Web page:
Dropping a sheet of glass would send shards flying all over.
Where the glass represents the tax world, we could say it has just
been shattered. Some of the broken pieces can be identified as
BEPS, Brexit and the European Commission decision on state aid
Once again, last month KPMG has provided the platform for
debates in London themed 'Fragmentation and Controversy'
where around one thousand tax advisors, company directors and high
profile experts got together to discuss the (bumpy) road ahead.
Never have conversations been fraught with as many question marks
on possible scenarios and options.
Let us take Brexit for example, the formal UK-EU negotiations
have not yet officially commenced (Article 50 is set to be
triggered by end of March 2017) and yet businesses and advisors
have to start brainstorming on the manner in which potential
realities could affect their strategies. What type of relationship
will the UK have with the EU? Would the relationship be similar to
that under the EEA, EFTA, or the customs union model? In this sense
the EEA and EFTA models appear to be less realistic options given
that they promote what the British seem to have voted against,
namely the free movement of persons. There is also talk of a UK
bespoke model – though no one seems to know what this would
translate to. Let us take Brexit for example, the formal UK-EU
negotiations have not yet officially commenced (Article 50 is set
to be triggered by end of March 2017) and yet businesses and
advisors have to start brainstorming on the manner in which
potential realities could affect their strategies. What type of
relationship will the UK have with the EU? Would the relationship
be similar to that under the EEA, EFTA, or the customs union model?
In this sense the EEA and EFTA models appear to be less realistic
options given that they promote what the British seem to have voted
against, namely the free movement of persons. There is also talk of
a UK bespoke model – though no one seems to know what this
would translate to.
Turning to 'BEPS – Base Erosion and Profit
Shifting' – a project driven by the G20 and OECD, and
adhered to by several non-OECD countries (including Malta) to
ensure that profits are taxed in the country where the economic
activity is carried out and thus prevent the artificial transfer of
profits to (low or zero tax) countries. Multinational businesses
must pay particular attention to economic substance in order to
ensure that profits are attributed to the country where value
creation takes place. They must also be aware that previously
non-disclosed information such as turnover, assets and number of
employees in each country could soon be disclosed to tax
authorities and potentially to the public at large, thus subjecting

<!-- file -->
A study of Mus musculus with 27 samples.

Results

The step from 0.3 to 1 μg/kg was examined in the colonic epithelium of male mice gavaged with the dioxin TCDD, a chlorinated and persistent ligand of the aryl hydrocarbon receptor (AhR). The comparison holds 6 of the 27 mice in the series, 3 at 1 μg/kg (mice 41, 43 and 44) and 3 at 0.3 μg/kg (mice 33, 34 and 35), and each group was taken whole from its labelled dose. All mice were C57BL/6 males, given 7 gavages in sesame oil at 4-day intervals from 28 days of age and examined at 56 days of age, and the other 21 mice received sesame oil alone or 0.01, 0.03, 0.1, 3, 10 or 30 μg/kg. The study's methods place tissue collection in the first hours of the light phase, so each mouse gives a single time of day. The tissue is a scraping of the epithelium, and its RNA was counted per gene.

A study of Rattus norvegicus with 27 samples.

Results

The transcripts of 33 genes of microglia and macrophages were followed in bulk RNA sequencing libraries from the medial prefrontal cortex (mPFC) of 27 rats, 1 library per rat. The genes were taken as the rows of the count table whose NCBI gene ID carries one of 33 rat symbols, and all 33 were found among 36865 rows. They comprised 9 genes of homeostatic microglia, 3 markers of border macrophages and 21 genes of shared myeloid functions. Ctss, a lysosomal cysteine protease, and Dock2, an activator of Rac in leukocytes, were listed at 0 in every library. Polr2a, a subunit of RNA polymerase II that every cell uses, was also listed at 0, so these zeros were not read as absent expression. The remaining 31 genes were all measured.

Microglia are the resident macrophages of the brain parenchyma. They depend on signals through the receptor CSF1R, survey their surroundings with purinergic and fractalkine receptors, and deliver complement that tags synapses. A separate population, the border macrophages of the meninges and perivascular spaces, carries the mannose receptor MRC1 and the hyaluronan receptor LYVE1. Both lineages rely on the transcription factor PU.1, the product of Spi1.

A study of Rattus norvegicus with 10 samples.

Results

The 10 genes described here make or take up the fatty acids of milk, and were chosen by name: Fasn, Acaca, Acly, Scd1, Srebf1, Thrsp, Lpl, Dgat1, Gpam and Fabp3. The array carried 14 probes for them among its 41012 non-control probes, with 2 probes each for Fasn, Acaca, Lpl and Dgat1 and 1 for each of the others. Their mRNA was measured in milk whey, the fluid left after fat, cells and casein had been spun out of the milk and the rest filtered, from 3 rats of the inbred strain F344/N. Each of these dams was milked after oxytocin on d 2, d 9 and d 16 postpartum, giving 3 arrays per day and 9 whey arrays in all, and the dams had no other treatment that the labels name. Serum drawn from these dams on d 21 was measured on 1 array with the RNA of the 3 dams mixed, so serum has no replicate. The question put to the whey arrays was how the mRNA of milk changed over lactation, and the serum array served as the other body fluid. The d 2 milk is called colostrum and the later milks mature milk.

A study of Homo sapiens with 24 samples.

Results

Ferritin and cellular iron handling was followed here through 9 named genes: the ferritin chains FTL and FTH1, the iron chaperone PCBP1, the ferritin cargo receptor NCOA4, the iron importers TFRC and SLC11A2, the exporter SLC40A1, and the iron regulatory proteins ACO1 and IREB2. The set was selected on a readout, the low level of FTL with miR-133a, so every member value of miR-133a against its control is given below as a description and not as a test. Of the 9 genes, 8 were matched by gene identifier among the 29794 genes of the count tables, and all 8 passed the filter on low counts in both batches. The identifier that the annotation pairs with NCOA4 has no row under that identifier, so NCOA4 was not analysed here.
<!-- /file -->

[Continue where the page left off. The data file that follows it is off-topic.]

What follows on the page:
themselves to the scrutiny of investigative journalists.
Unlike the 'ATAD – Anti-Tax Avoidance Directive'
(an EU wide law set to apply across all EU Member States and
thereby providing a modicum of consistency across the EU in terms
of scope and interpretation), BEPS rules are more in the nature of
best practice rather than hard law and consequently the rules may
easily differ from country to country. Businesses need to
understand how the different rules affect their cross border
transactions. One thing is certain: BEPS is expected to cause an
upheaval in international tax rules and interpretation.
Related to EU law upheavals, is the EU Commission decision on
Apple, forming the backdrop for yet another tax related drama. The
Apple decision focuses on the notion of state aid, a concept which
should ensure a level playing field by prohibiting businesses from
gaining an unfair advantage through tax credits, government
subsidies etc. Despite the good intentions that underpin the EU
state aid concept, issues related to state aid have been and remain
an obstacle for EU countries intent on attracting FDI to their
country. The perennial struggle between the notion of tax
neutrality as promoted by state aid rules and tax competition is
expected to remain in place for the foreseeable future.
At this point, the key question is: in what manner should
international businesses react? In times of uncertainty, management
should map out different potential scenarios with their advisors
and understand how these could potentially impact their business.
Going forward it would be useful to have sketches of step plans to
implement in case a particular scenario becomes reality in the near
or immediate future.
The content of this article is intended to provide a general
guide to the subject matter. Specialist advice should be sought
about your specific circumstances.
The DITC has stated that it will issue updated CRS Guidance Notes in the first quarter of 2017 to cover the Regulations.